Israel and Palestine: Majority favors two-state plan

A poll published Nov. 22 showed that 55.6 percent of Palestinians and 53 percent of Israelis support the principles of the unofficial peace plan called the Geneva Accord, drafted by former Israeli minister Yossi Beilin and former senior Palestinian Authority figure Yasser Abed Rabbo.

The survey, commissioned by the Washington-based Baker Institute, asked 1,241 Israelis and Palestinians what they thought about the peace plan’s provisions, without mentioning it by name.

The British newspaper The Independent observed that Israeli voters are losing faith in right-wing Prime Minister Ariel Sharon’s ability to fulfill his promise of “peace with security.” All Israeli voters have been mailed a copy of the Geneva Accord, and radio advertisements are promoting it.

Kenya: Union leaders against cuts

Union leaders, including the head of the Central Organization of Trade Unions, are warning the government against implementing World Bank and IMF conditions that destroy workers’ rights.

Speaking at the Tom Mboya Labor College in Kisumu on Nov. 28, top leaders of 13 unions said cutting government workers would push the country deep into poverty.

“If the government wants to be unpopular, then let it retrench civil servants, freeze employment, suspend salary increases and privatize strategic state enterprises,” COTU Secretary General Francis Atwoli told a workers rally in Mombasa over the weekend. He added that Kenya can sustain its economy without foreign aid, provided the government steps up the fight against corruption and the collection of tax revenue.

Venezuela: Alternative proposed to FTAA

Speaking in Caracas at last week’s opening of the fifth General Assembly of the Parliamentary Confederation of the Americas, Venezuela’s President Hugo Chavez proposed “redesigning a path” to replace the Free Trade Area of the Americas (FTAA) agreement with a system aimed at maximizing prosperity in Latin American countries.

Calling FTAA a mechanism for “disintegration,” Chavez urged participants to design a new path “that takes us to an economic and social model to achieve full equality and contentment.” He called attention to the Bolivarian Alternative for the Peoples of America (ALBA), an integration proposal that originated in Venezuela.

Chavez said the FTAA is part of a policy of neoliberalism and “free market” economics which is now seen as outdated and “no longer the future of the countries of the continent.”

United Kingdom: Rail workers to switch parties?

Three major Scottish branches of Britain’s largest rail workers union are seeking to switch allegiance from the Labor Party to the Scottish Socialist Party (SSP), the BBC reported last week.

Branch leaders of the Rail, Maritime and Transport union (RMT) cited the SSP’s support for returning the railroads to public ownership, and for repealing antiunion laws.

Earlier this year, RMT general secretary Bob Crow observed that members were getting “fed up” with Prime Minister Tony Blair’s New Labor, and suggested the union could switch its support to the SSP.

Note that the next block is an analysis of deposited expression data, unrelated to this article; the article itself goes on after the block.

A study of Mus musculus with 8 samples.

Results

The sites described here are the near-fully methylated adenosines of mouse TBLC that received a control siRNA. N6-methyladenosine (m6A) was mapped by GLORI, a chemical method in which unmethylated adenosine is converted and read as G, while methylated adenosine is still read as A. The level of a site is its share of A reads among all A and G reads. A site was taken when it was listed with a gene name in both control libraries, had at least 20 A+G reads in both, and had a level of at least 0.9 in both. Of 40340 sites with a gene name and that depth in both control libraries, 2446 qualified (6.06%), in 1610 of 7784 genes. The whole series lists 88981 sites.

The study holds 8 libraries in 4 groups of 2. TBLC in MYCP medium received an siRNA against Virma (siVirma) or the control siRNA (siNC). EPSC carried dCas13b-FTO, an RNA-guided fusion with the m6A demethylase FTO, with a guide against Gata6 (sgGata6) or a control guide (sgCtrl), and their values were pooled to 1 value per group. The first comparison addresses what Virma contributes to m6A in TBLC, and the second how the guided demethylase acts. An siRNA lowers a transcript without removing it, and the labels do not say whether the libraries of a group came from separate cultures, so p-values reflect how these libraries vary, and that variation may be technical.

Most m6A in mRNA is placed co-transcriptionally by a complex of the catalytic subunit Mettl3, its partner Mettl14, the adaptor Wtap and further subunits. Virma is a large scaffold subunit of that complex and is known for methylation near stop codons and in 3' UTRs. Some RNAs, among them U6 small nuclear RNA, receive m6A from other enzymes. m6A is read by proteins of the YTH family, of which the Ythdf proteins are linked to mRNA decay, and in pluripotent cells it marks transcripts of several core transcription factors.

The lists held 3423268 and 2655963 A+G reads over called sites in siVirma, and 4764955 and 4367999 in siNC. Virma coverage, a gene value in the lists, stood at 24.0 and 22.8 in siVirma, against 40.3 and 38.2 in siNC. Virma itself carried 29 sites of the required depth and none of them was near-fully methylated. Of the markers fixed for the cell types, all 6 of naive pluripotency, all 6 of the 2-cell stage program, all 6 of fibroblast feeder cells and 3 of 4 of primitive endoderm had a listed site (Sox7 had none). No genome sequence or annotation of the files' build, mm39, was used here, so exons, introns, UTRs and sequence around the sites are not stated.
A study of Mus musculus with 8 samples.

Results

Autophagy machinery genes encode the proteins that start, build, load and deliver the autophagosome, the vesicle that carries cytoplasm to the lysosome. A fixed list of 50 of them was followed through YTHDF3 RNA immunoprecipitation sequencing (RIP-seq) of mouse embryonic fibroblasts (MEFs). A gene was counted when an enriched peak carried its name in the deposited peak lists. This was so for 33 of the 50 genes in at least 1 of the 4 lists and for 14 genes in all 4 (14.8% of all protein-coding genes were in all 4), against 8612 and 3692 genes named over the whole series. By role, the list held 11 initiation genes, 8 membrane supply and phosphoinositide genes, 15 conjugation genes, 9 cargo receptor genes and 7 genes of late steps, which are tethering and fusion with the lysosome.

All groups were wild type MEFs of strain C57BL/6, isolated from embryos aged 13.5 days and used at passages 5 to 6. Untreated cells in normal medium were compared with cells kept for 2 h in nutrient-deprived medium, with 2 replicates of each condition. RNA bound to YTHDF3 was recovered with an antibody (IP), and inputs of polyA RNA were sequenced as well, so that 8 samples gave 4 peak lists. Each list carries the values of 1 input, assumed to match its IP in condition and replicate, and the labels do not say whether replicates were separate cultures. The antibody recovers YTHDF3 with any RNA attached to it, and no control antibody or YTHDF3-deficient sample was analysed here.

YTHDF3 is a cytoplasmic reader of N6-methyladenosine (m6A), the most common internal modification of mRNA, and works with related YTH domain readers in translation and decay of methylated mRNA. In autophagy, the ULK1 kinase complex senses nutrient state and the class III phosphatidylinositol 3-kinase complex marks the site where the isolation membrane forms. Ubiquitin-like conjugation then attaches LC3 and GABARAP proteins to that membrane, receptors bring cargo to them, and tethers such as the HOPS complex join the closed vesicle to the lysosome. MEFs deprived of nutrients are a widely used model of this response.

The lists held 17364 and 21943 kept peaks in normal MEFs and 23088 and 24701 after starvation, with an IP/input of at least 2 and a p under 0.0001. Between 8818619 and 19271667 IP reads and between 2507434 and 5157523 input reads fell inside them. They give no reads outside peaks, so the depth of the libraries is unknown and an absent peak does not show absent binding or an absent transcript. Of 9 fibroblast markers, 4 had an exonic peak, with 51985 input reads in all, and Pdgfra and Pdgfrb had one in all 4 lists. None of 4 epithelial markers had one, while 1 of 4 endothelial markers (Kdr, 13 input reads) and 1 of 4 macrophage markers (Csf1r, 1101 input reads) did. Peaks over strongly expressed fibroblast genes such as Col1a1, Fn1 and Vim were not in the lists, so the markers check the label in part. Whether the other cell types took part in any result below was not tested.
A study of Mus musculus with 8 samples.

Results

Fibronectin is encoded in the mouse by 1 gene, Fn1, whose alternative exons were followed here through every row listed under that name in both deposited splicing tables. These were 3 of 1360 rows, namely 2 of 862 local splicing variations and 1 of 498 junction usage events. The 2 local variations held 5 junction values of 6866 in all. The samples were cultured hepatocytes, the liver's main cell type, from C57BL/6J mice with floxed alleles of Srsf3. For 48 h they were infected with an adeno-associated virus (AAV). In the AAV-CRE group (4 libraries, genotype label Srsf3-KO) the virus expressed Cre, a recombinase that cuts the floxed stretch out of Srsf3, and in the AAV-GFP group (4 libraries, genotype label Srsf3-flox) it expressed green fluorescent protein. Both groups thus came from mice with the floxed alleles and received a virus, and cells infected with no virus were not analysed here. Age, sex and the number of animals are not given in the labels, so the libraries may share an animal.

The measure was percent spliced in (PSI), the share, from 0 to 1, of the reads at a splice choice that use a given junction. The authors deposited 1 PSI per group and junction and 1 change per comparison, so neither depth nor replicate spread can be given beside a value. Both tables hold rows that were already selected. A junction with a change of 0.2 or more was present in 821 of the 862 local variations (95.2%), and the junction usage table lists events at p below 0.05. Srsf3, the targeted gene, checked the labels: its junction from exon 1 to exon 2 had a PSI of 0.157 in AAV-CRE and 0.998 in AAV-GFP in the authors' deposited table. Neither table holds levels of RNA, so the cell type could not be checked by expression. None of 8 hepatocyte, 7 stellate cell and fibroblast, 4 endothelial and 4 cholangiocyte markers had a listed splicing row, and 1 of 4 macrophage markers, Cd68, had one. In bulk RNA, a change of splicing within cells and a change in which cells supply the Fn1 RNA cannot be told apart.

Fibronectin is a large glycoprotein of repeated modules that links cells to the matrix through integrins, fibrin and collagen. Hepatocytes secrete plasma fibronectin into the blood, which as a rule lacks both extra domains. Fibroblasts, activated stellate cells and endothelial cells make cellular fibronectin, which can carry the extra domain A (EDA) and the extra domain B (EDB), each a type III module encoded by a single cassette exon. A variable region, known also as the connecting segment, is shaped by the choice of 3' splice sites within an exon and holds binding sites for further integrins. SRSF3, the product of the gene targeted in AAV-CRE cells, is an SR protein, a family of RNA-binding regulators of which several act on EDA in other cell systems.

At its annual conference last summer, the RMT voted to let local branches support parties other than Labor, and cut its contribution to the Labor Party significantly.

The RMT’s executive committee is expected to approve the Scottish branches’ decision, and other branches are reportedly considering the move.

Canada: Demand hearings on missile defense

The Canadian Peace Alliance is demanding the government hold immediate public hearings on Canada’s participation in the U.S. missile defense program, according to the Canadian newspaper People’s Voice.

Major antiwar coalitions in Vancouver, Edmonton, Winnipeg, Toronto, Montreal and other Canadian cities have now organized anti-missile defense campaigns.

In May, Defense Minister John McCallum announced the federal government is negotiating Canadian involvement in the program. In June, 38 Liberal Party Members of Parliament joined the New Democratic Party and the Bloc Quebecois in voting against Canadian participation, saying it leaves the door open to weaponizing space.

Besides Britain, which said in January that it would join the missile defense system, no other country directly supports the project. (However, other forms of involvement exist; see below.)

Japan: New anti-missile venture with U.S.

Japan plans to co-produce the next generation of ship-to-air anti-missile missiles with the U.S., the daily newspaper Asahi Shimbun said last week. The newspaper said the joint production of the missiles is designed to maintain and promote Japan’s competitive lead in military technology. Japan has studied development of the missiles with the U.S. since 1999.

The Japanese Defense Agency aims to clear the way for their production within several years, but the joint production could require a review of Japan’s ban on weapons exports, Asahi Shimbun said. Japan banned export of weapons to any country in 1976, but in 1983 changed its policy to allow military technology exports to the U.S. alone.

International Notes are compiled by Marilyn Bechtel (cpusainternat@mindspring.com).